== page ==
Despite the fact that David Cook's 1981 adventure, Dwellers of the Forbidden City, is one of my favorite D&D modules of all time, if not my actual favorite, I've never done a retrospective post on it. I did use the module previously as the centerpiece for my early ruminations of location-based adventures, but I don't think that post did the module full justice. Today's post is thus a partial attempt to make up for that fact.
Though parts of what would become Dwellers of the Forbidden City were used in the official AD&D tournament at Origins 1980, module I1 doesn't include a scoring sheet and referees are halfheartedly encouraged to design their own if they choose to use it in a tournament fashion. The module also conspicuously lacks the tournament "vibe" of other early modules, lacking both a precise, straightforward goal or a high density of combat/trap encounters intended to test the mettle of the players, instead opting for a more open-ended, exploratory style. In that respect, I1 might be an exemplar of the "Electrum Age" that marked a shift in the style and content of adventures from the earlier Golden Age, a shift some cheer and others decry.
Ostensibly, Dwellers of the Forbidden City is about the characters, in the employ of merchant leaders, seeking to put an end to raids on caravans passing through a remote jungle locale. However, once pointed in the right direction, the characters soon discover that there's more going on in the jungle than mere caravan raids, as they stumble across the mysterious Forbidden City, a lost city that recalls Robert E. Howard's Conan yarns -- no surprise given David Cook has admitted that the City was inspired by "Red Nails." Though getting to the Forbidden City is an adventure in itself, with multiple means to enter it and lots of potential allies and enemies along the way, it is within the City (a version of whose map is reproduced below, thanks to Lord Kilgore) that the real adventure begins.
As can see from the map, the Forbidden City is large and located within a canyon and thus isolated from the rest of the jungle. It is a world unto itself, one that operates according to the whims of its inhabitants, chief of whom are the yuan-ti snake men, who make their debut appearance in this module. In my younger days, I used this module innumerable times with several different groups of people, including some I barely knew. What's interesting is how similar the experience was right up until the point where the characters enter the Forbidden City. From that point on, nearly every group did something different, with quite a few completing forgetting their original mission and focusing instead on exploring the Forbidden City and its strange inhabitants.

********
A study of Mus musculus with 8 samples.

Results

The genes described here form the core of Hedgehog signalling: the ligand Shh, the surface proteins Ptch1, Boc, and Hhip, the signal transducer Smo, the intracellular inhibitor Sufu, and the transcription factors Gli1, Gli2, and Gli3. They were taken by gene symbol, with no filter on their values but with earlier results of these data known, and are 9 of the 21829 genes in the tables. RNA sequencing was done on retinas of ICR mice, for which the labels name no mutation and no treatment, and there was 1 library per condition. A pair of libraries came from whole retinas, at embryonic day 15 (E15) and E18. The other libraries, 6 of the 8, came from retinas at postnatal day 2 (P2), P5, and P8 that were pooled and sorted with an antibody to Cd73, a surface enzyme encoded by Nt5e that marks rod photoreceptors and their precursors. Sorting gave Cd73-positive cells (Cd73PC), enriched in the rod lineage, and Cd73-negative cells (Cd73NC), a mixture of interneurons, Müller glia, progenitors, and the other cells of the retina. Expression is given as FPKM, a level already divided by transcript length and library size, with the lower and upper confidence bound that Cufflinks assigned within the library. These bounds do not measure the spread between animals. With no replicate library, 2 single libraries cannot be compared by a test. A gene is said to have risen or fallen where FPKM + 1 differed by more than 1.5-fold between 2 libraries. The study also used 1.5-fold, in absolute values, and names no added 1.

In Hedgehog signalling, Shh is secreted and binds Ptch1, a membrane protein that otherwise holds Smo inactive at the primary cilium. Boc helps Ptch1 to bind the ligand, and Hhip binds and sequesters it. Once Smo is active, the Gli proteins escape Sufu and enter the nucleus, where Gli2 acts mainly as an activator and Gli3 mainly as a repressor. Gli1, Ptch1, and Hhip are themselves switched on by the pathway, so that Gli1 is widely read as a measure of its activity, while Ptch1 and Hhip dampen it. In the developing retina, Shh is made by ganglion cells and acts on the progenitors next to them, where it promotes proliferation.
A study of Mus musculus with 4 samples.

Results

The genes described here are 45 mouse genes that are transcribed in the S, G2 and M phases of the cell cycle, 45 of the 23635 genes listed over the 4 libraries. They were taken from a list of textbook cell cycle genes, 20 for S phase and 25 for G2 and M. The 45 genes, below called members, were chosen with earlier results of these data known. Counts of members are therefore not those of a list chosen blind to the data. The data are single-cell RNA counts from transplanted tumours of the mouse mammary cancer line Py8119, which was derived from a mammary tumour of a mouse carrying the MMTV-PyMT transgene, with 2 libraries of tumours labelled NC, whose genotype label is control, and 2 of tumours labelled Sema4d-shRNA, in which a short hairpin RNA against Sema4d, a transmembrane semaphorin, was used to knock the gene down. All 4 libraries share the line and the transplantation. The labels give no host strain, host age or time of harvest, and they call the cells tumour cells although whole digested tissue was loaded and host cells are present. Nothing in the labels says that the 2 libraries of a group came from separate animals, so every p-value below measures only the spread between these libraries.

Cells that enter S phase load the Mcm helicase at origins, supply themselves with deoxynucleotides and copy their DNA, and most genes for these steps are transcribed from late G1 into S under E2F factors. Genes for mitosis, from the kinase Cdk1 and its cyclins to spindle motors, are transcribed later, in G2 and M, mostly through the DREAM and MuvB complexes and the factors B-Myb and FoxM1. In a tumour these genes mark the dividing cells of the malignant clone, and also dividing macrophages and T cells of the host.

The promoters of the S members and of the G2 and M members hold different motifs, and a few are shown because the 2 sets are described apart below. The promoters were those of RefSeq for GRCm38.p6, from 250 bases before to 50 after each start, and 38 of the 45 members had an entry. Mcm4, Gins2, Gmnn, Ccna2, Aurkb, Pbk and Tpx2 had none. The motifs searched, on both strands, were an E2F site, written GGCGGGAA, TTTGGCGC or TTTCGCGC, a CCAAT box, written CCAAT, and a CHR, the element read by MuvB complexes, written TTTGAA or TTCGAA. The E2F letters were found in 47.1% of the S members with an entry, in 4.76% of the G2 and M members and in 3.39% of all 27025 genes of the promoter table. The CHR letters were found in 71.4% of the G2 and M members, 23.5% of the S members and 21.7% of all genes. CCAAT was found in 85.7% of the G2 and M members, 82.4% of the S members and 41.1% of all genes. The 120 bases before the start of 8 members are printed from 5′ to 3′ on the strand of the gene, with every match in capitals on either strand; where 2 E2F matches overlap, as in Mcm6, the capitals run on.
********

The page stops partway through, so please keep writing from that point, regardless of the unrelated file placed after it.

Dwellers of the Forbidden City is only 28 pages long, so it's necessarily brief when it comes to describing its titular locale. Yet, that never bothered me. Indeed, I think it's probably one of the great strengths of the module and the reason I was able to use it so often: it was easy to make and remake the City to suit my present needs, whatever they were. My personal preference for modules these days are ones that fire my imagination; they give me the bare bones details I need to get started but they don't weigh me down with extraneous details that either get in the way or easily forget in the heat of play. Far from needing, in the words of James Wyatt, "more detail, more fleshed-out quests, and another hundred pages or so," module I1 is almost exactly the right length. Anything more than what it includes would, I think, have lessened its spartan appeal for me.
Re-reading Dwellers of the Forbidden City in preparation for this post brought back a lot of memories, all happy ones. I could recount many tales of adventures past, but those in the Forbidden City are among the most vibrant nearly 30 years after the fact. I remember well when Morgan Just and his stalwart companions braved this place, doing battle with the yuan-ti, the tasloi, and the bullywugs united under King Groak. I remember too my expansions of the City, using the adventure seeds Cook includes at the end -- the under-city warrens filled with ghouls and demons, the vampire orchid-men, the Black Brotherhood, and time travel to the days when the City was at its decadent height. This was a module I literally played to pieces; my original copy of the booklet fell apart from so much use and its maps were smudged and stains from similar service. With the possible exception of The Isle of Dread -- another David Cook module -- I'm hard pressed to think of a module that more powerfully engaged my imagination and showed me what a powerful game D&D could be.